Matthew Gould, the outgoing British ambassador to Israel – and the first Jew in the post – speaks to Jenni Frazer about life in the country, his achievements and prospects for peace.
It’s rare for an ambassador to extend his or her term of office. Rare, but not unknown. But it’s particularly rare for a British ambassador to Israel to extend their time in Tel Aviv.
Such, however, was the affection for Israel of both Matthew Gould – and his wife Celia – that the couple are now leaving, after an unprecedented five years of service, with real sadness and regret.
On the other hand, says Gould, the first Jewish diplomat to serve Britain in Israel, “I am very glad I signed on for a fifth year. It made a big difference.” We spoke in Gould’s last full week in Tel Aviv, amid a flurry of farewells.
He takes away with him the satisfaction of having created “a web of friendships” in Israel. It will be, he hopes, a network he can use in his next job.
He is to become director of cyber-security at the Cabinet Office in London, a field which, he says, “gives me a very nice excuse to continue the collaboration I have worked on during my time in Israel.”
If there has been a hallmark of the Gould years, it has been the building up of ever closer relationships between Britain and Israel in science and technology, security, medicine and trade.
Almost every week, a delegation from the UK arrives in Israel or vice versa, and while Gould, in typical diplomatic style, won’t claim all the credit, even he concedes that UK-Israel relations are in “very good shape”. But he is worried about the political atmosphere. “Leaving aside the small group of people who will oppose Israel whatever it does, I think that most people in Britain do view Israel through the prism of the Palestinian conflict. And the Palestinian problem will continue to sit like a question mark against the relationship with Israel.”
“Though I am wary of announcing that there is a last moment for the peace process, I don’t think things become easier over time. It becomes harder, not easier, in terms of trust, or a willingness to take the steps needed. And because the process is not moving forward, as time goes on, in fact it is moving backward, the truth is one would have to be hugely optimistic to look at the scene now and say that peace was on the cards, or imminent.”
The tech-aware ambassador continues to believe that there is a role for one-on-one diplomacy, even in the era of electronic and instant communication. “My core duty is to explain the country in which I serve to the British capital, and to explain the UK to Israel. Both these jobs are necessary even in our media age. And there are practical things that an ambassador can do. Making peace may be far off the scale, but we can do things in areas such as science and technology, and even with emails there is a role for personal approaches and human contact.”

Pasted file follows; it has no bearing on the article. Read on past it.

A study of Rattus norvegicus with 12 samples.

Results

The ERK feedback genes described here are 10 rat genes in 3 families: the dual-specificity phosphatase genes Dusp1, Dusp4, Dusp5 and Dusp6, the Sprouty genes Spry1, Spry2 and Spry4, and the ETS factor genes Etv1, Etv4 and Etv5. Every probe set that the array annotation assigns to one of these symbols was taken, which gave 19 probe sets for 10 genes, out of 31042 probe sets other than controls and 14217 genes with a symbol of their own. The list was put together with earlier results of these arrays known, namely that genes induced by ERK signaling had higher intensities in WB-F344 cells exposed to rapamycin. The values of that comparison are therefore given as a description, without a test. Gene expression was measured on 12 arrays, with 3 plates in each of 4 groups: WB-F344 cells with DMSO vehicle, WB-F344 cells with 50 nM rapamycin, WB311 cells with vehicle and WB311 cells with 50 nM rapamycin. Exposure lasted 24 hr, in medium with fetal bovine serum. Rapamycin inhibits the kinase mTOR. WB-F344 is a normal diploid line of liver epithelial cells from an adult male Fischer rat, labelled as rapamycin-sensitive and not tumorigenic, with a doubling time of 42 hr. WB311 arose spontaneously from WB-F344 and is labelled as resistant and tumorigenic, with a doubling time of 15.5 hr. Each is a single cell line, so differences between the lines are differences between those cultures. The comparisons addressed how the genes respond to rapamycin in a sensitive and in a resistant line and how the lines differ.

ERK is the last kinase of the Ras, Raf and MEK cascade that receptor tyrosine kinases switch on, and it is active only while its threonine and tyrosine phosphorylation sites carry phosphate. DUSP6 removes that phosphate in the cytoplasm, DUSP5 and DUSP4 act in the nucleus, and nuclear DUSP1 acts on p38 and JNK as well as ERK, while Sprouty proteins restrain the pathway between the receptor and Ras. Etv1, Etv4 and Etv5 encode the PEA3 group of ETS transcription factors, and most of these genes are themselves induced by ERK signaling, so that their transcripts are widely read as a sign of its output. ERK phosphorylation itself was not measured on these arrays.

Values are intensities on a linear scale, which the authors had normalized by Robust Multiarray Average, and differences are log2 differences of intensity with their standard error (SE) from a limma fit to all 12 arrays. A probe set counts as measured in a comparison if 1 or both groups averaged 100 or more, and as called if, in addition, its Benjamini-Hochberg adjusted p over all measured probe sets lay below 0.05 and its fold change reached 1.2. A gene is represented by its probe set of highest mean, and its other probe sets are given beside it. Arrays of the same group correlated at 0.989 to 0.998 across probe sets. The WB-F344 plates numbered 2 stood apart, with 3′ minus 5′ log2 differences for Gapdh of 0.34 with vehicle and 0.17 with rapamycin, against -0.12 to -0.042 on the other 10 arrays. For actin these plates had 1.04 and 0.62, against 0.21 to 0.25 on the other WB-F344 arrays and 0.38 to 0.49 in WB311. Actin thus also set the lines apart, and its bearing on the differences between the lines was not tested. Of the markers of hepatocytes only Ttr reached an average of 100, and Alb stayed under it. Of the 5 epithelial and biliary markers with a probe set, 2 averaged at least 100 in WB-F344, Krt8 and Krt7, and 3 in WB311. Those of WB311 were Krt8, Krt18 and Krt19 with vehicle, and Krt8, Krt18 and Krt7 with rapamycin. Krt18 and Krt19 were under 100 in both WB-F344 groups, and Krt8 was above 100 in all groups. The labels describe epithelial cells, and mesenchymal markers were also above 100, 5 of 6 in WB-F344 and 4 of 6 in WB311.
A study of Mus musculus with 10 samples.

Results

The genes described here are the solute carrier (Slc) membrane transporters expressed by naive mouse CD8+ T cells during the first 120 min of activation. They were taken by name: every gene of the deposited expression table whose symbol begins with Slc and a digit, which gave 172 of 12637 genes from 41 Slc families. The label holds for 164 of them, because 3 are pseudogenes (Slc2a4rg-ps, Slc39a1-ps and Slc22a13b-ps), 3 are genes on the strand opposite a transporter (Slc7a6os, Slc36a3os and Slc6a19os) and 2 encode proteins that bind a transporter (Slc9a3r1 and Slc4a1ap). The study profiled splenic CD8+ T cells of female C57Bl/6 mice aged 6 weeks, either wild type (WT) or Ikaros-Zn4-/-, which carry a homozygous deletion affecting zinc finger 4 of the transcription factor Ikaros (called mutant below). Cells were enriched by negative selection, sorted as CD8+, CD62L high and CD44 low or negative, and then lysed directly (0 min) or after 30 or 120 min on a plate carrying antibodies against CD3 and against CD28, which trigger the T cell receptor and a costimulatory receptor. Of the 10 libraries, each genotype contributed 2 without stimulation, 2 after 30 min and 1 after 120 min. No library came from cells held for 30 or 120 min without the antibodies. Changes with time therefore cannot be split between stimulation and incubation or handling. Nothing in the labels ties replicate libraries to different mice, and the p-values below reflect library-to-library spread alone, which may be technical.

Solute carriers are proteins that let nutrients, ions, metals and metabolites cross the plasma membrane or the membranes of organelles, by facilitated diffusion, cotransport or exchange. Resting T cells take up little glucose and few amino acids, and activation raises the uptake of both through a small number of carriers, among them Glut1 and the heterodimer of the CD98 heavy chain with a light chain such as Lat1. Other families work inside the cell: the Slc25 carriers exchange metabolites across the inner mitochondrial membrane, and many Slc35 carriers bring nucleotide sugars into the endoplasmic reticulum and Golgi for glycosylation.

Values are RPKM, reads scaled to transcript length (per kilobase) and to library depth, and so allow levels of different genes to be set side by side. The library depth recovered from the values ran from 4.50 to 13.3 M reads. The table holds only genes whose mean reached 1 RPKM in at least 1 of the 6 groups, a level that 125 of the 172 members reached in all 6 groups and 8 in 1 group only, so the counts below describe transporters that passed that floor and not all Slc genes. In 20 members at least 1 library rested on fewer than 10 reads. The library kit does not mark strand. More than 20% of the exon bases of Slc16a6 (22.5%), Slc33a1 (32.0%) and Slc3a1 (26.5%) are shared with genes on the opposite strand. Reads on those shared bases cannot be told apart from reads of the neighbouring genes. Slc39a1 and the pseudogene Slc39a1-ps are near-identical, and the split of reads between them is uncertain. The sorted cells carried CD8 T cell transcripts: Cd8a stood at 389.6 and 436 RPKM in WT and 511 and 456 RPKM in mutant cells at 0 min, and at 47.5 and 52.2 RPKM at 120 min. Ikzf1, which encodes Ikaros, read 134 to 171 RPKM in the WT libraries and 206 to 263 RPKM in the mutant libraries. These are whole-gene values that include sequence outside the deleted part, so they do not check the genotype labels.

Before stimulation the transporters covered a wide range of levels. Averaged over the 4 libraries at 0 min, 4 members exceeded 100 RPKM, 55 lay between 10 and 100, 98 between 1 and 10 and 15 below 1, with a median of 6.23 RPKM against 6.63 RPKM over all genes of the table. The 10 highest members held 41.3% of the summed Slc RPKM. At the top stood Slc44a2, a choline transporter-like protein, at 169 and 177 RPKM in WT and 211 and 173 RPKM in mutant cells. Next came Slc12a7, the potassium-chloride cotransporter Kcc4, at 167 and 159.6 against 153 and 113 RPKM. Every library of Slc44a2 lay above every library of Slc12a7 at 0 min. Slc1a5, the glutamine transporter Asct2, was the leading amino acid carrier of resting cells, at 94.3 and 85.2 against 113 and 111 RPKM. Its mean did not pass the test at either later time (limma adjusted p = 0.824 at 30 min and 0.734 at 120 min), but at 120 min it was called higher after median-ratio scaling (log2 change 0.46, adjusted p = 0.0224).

With his counterparts Ron Prosor and Daniel Taub in Britain, Gould launched a chain of Holocaust survivor clubs in Israel. It remains one of the things of which he is most proud. “We have 21 clubs where people meet once or twice a week, serving 1,600 survivors. Soon we will expand to 25 clubs. It’s been a very powerful demonstration of the bond between the UK Jewish community and Israel and it has meant a lot to Celia and me.”
When he arrived in Israel, the conventional wisdom was that Israeli tech start-ups which wanted to expand globally looked principally to America. That has changed, says Gould; Israel knows the UK is its partner and that there is a growing roster of big UK companies eager to do business in Israel. He laughs: “And they know it’s not just a wild idea in my head.”
For Gould, the positives embodied in the science, medical, technology and cultural co-operations outweigh the negatives of the boycott campaigners. “I also think that co-operation is the reality. There is a constant stream of stuff going on between the two countries. I have been blessed with a fantastic team. There are a lot of people doing really positive things and for me that is a real source of happiness”.
Gould is being succeeded in Tel Aviv by a senior Foreign Office diplomat, David Quarrey. Gould’s own appointment, five years ago, was met with some unpleasant criticism, which he now says was “painful” because of the suggestion that as a Jew he would not be objective. “My skin is thicker now I am leaving Israel,” he says. But he always made it clear that as a “proud Jew” he was in Israel – which he loves – as the British ambassador, no more, no less.
He is hopeful that a future Jewish diplomat from the UK might have an easier passage. Now he is on his way back to the UK and he and Celia are having to explain to their two Israeli-born daughters that there will be fewer visits to the beach or the alpaca farm from their home in Hertfordshire. But one senses that in the Gould household, Israel will never be far from their hearts.